HARARE – Old rugged buildings with crumbling walls, surrounded by auburn tall dried grass, are all that remains of the once vibrant Olivine Willowvale Industries.
Dilapidated train wagons are symbolic of the unproductiveness and recession the country has faced in the last two decades.
Silos, with emblems inscribed “Olivine”, are the only testaments that verify that a vibrant industry once existed in that part of town.
At a time when Zimbabwe needs all economic sectors to be running, many industries throughout Zimbabwe have closed shop due to the economic hardships and disparities being faced in the country.
Olivine Willowvale’s production plant is now a shadow of its former self, since the shutting down of its plant due to operational inefficiencies which had resulted in high production costs.
It is a sad indictment that depicts a struggling economy in need of a messiah, as the once vibrant plant is being under-utilised for wheat processing.
“These silos are currently occupied by PHI. Graham Murdoch is the director of PHI, and they have given us some space for these rail wagons to come and offload,” said Grain Millers Association Zimbabwe chairperson Tafadzwa Musarara at the site in Willowvale.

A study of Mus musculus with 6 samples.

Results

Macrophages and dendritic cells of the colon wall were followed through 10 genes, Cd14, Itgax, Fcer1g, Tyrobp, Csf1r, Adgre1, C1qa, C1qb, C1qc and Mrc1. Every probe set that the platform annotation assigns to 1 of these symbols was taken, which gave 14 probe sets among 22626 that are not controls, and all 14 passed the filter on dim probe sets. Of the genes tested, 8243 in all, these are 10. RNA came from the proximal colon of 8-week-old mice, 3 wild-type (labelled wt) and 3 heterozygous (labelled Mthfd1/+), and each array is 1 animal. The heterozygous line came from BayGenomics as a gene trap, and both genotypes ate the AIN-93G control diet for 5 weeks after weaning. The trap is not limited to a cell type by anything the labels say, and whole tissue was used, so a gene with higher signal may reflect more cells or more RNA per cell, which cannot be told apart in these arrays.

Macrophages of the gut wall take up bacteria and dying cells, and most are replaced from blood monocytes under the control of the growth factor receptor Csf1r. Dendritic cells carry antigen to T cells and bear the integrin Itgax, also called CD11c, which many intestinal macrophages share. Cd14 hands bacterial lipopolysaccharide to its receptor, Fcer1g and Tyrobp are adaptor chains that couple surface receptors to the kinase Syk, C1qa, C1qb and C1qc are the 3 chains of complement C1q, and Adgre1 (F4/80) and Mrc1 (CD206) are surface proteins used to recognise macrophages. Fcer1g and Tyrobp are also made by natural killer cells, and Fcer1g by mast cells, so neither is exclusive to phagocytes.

“The wheat that is coming here is wheat for some millers who do not have what we call rail-siding; the rail that gets into premises.
“We now have rail coming from Beira to Olivine, here, we are leasing some space,” Musarara said.
Whilst the younger generation wonder what used to be, and the older generation testifies of the bread and butter Zimbabwe used to produce; the corny worn-out rusted train engines on the premises testify of production and employment that used to brew in the former bread basket’s pot.
This is the story of many industries throughout Zimbabwe, whose closure has intensified the current 95 percent unemployment rate, revealed in Parliament by Harare East Member of Parliament Tendai Biti on Tuesday.
“It is very difficult to get into a recession, a recession is characterised by absent aggregate demand; the absence of output and excess capacity – if you go to the industries, they are not being utilised.
“Excess capacity in the form of 95 percent of our people who are unemployed and so this is a grave situation that needs to be addressed,” he said.
Many industries that once crowed with production have failed to resuscitate business, whilst others that have, are struggling to remain open.
Musarara revealed that Blue Ribbon that had recently closed was to re-open on Thursday, being numbered amongst the many businesses currently shut down due to economic instability.
President Emmerson Mnangagwa’s inaugural speech leading to the “Zimbabwe is open for business” mantra is the hope that many of these dilapidated industries have grasped onto.
However, this, to some extent, has been hope deferred due to Zimbabwe’s struggle to get investors swiftly on board in order to resuscitate the dying industry.